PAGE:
Sermons on Crucifixion
Sermon text: Mark 16:1-8 For centuries, scholars have debated exactly where the book of Mark ends. While chapter 16 has twenty verses in virtually every Bible, the last twelve verses are disputed. Your Bible may very well have a note in its margins about this. What if verse eight is in fact the final verse of Mark’s gospel? It would create a challenging cliffhanger for all who read it.
Sermon text: 1 John 4:9-10 The greatest demonstration of God’s love is Jesus Christ. When God sent His only begotten Son to die for mankind’s sin, God gave the most precious gift He could give. What’s even more amazing about this is that God showed us this love before we even loved Him.
Jesus never sinned, even once. Yet He willingly took our place to pay for our sins. All of them. This one great act by Jesus allows those who trust Him as Lord to be deemed righteous by God the Father.
Peter failed miserably the night before Jesus’ crucifixion. He had denied the Lord three times. There was no time to make amends. Jesus was dead, and the disciples were in total disarray. Then Jesus rose from the dead. And how Jesus dealt with Peter’s failure is an encouragement to us all.
God originally commanded Israel to observe the Day of Atonement every year. But with Jesus’ coming and His sacrifice, the Day of Atonement has been rendered obsolete. It is obsolete because Jesus, our High Priest, gave Himself on the cross of Calvary. He alone atoned for the sin of the world. This ushered in a new way of relating with God. No longer would worship only be “skin deep.” Now God would inhabit the hearts of those who put their…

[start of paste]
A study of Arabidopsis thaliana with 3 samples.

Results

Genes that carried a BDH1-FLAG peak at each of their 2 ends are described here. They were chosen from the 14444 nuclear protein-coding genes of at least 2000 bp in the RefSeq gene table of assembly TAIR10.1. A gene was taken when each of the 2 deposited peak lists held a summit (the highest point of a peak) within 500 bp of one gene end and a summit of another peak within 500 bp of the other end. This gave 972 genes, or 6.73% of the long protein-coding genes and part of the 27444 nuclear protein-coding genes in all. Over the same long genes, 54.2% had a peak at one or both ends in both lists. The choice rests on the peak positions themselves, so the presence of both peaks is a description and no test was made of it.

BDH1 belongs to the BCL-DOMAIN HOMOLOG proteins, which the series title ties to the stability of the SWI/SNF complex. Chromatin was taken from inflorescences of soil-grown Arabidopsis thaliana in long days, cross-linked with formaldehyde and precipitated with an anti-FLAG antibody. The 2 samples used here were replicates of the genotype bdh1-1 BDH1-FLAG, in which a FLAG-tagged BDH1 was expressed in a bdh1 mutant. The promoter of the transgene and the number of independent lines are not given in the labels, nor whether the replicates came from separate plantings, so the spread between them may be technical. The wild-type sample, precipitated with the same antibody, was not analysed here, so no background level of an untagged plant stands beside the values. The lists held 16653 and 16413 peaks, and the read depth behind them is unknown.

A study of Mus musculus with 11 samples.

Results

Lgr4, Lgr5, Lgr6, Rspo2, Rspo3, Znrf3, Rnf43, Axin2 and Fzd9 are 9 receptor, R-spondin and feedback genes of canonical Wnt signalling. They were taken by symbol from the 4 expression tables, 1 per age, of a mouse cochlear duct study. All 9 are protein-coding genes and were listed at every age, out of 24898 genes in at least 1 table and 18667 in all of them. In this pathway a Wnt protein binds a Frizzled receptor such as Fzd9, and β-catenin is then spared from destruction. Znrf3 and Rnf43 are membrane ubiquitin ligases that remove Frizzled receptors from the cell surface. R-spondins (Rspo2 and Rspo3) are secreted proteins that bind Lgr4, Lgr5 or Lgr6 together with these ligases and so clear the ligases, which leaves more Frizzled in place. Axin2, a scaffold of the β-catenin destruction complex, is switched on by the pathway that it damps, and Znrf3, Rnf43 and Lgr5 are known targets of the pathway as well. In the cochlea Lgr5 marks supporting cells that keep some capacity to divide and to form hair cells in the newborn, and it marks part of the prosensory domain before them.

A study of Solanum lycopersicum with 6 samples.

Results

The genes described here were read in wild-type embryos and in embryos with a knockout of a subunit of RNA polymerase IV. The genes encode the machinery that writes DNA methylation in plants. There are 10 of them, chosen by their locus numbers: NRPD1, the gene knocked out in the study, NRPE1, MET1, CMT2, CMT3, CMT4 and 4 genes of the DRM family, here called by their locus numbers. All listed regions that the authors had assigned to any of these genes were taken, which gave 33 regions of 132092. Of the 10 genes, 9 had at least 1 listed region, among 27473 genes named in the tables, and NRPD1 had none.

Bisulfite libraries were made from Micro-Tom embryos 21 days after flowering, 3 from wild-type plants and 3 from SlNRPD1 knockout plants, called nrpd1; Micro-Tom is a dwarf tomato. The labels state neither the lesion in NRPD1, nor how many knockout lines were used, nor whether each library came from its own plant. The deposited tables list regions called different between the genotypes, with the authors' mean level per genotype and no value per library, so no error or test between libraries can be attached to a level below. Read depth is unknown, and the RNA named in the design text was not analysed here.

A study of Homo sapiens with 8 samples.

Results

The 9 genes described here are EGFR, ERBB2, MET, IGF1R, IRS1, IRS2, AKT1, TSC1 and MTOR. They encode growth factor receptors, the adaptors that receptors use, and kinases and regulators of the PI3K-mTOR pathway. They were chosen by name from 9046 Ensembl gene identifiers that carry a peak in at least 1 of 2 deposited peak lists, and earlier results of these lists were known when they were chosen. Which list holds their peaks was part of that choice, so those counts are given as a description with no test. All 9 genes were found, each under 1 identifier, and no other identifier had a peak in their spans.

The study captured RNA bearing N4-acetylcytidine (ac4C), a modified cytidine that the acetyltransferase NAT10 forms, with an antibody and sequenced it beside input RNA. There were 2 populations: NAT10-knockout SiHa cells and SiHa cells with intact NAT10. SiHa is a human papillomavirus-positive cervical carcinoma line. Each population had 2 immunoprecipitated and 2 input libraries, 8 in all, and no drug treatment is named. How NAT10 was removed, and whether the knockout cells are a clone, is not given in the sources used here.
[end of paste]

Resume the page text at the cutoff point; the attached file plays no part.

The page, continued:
Jesus rode triumphantly into Jerusalem on what we call Palm Sunday. Less than a week later those who cheered for him demanded his crucifixion. Christians need to realize that we will face opposition when we tell others about Jesus. We will ultimately be triumphant, but we must recognize the cost of discipleship.
Jesus and his disciples spent a lot of time in the Garden of Gethsemane. Their last trip there together ended with Jesus’ arrest. He would be crucified the next day. Those who were in the garden that night give us a picture of humanity. The guards, the Jewish leaders, Judas Iscariot, and the disciples all fell short. Jesus on the other hand, was perfect and sinless.
God gave us the greatest and most wonderful gift. His name is Jesus.
As the writer of Hebrews begins to wrap up his letter, he encourages his readers to be thankful. He urges those who have received salvation through Jesus Christ to be persistent in offering the sacrifice of praise. But this praise should not be silent. We must let others know of our thankfulness for His great grace. And while our praise should be persistent and public, it must also be practical. This means that our thankfulness should extend to telling and…
Charlie Whitcomb describes how the those who believe in Jesus Christ share in His crucifixion and resurrection.